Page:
Ridge Vent with No Soffit Vents? Is it possible?
My home, built in 1948, has a 7/12 gable roof (there are no gable end vents) and an original 2.5/12 shed dormer on the back of the house. There are six skylights, three on the front 7/12 roof, and three on the rear shed roof. The house has a ridge vent, and there are three rooms with cathedral ceilings (converted in 1986 after a fire -- all before I bought the house) on the 3rd floor, which are insulated. The center hall, bath, and bedroom have flat ceilings. There is no attic access, so I'm not sure how much insulation is above the flat ceilings.
I called my roofer (who replaced my roof last year, and who also does siding) because I need to have my aluminum soffits re-secured/replaced along with the fascia. They weren't properly installed when the house was sided years before I bought it.
About five pieces of soffit have fallen down, and I noticed that I cannot see any evidence of a soffit vent. The house has a ridge vent. There are no other roof vents.
I imagine the roofer will be removing the soffit and replacing it because I think it would be hard to match the missing pieces, and if I find no soffit vents, should I have him install them in the soffit? I have never had any ice dams or anything ventilation-related, but I'd like to be sure I'm not sucking warm air from the 3rd floor up into the attic through ceiling outlets and the bath vent...
I'm also having him re-secure the front soffit as well. If I dont have soffit vents there, It'll be a bit more difficult because I'm not sure if there are insulation baffles in place in the cathedral ceilings for a continuous ventilation path up to the ridge.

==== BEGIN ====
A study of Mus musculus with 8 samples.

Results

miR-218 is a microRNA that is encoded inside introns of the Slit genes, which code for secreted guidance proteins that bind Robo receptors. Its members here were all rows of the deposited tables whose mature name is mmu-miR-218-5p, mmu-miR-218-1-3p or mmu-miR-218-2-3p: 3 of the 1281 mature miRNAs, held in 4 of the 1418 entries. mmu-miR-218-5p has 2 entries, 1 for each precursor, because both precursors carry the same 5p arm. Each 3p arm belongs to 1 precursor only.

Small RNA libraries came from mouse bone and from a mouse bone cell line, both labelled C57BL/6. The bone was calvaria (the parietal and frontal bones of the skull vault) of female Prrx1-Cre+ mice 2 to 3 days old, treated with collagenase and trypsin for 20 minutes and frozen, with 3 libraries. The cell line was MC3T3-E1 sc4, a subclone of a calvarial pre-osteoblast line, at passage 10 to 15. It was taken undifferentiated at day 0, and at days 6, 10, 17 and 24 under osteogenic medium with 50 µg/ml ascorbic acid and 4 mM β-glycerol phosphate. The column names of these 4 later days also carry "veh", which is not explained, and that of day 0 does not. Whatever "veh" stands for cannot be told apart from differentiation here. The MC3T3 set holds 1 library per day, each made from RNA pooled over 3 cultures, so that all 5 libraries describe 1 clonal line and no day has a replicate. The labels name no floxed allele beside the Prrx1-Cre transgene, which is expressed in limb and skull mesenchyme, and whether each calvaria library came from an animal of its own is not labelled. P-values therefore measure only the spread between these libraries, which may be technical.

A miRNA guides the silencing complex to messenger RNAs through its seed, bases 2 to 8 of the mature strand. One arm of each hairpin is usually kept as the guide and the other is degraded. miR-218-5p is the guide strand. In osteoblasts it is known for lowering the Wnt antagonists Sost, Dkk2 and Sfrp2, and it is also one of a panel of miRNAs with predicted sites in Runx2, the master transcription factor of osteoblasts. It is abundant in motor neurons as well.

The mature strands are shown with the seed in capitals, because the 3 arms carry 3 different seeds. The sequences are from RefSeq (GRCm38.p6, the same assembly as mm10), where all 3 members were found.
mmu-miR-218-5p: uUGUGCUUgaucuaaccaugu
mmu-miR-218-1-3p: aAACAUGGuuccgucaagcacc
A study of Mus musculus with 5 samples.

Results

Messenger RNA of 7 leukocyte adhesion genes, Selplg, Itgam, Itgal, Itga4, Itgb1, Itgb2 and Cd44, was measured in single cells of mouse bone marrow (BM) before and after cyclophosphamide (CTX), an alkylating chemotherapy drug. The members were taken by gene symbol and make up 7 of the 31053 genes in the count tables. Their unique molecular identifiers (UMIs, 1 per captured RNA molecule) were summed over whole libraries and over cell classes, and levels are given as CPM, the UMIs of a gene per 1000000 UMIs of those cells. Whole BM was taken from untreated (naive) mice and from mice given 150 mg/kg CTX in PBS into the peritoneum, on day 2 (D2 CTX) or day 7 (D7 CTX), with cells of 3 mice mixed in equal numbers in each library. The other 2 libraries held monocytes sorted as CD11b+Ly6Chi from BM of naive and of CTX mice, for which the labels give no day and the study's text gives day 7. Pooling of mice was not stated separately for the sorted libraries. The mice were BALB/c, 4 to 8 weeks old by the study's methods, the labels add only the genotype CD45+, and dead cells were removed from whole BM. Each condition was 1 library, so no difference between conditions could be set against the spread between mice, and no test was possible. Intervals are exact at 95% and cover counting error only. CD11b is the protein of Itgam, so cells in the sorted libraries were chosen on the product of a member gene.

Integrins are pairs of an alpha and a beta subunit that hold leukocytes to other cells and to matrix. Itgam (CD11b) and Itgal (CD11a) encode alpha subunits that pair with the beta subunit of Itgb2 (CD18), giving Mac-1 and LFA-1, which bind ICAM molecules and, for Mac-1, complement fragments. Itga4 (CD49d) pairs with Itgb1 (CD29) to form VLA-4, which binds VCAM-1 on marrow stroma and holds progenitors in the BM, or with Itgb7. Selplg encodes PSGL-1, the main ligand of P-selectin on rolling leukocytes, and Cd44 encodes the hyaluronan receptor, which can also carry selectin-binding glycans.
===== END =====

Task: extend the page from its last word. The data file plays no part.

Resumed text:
Any suggestions on what to look for or have done? Thanks!
Here are some pictures which might with visualizing things.
Rear of the House - Notice the drooping fascia and missing soffit on the dormer. You can see where the siding was replaced after the kitchen fire on the 3rd floor.
3rd Floor Living Room. The kitchen is at the right rear of the house.
You can have Ridge Vent only as long as it contains an external baffle.
Is it ideal ?,,no.IMO a Ridge Vent only ventilation system is limiting the Ridge Vent from reaching max venting potential.
I would add a functioning soffit.
That's what I thought... You'd want to admit the air in nice and low, and exhaust it up high. That would ventilate the surface of the roof decking and prevent uneven pockets which would cause ice dams.
I hope to see adequate soffit vents when the roofer pulls the soffits down, but I can't imagine there isn't one in the ~7 foot section that I can see. The house is 30 feet wide, so that doesn't leave much room for an even distribution of vents in the soffit.
I've also read something about soffits below dormers... The article was explaining how soffit vents can allow cold outside air to enter the joist space in remodel dormers, but I don't think that'll be an issue on the front of the house (below the gable dormer) as its an original one. It'll be something to look out for, though.
Depending on the length of the gutterline and attic space in general I like to install 1 vented soffit for every 2 closed panels.
I have also vented sofits on dormers that have Ridge Vent.
The International Residential Code, as well as most other building codes, require venting at both the eave and ridge of the roof. Current research indicates that the square footage of venting be equal at each and should be a minimum of 1 sq. ft. of open venting per 300 sq. ft. of attic area.
You should definitely add soffit vents to maximize the life of your shingles.
|All times are GMT -5. The time now is 01:36 PM.|
vBulletin Security provided by vBSecurity v2.2.2 (Pro) - vBulletin Mods & Addons Copyright © 2016 DragonByte Technologies Ltd.
User Alert System provided by Advanced User Tagging (Pro) - vBulletin Mods & Addons Copyright © 2016 DragonByte Technologies Ltd.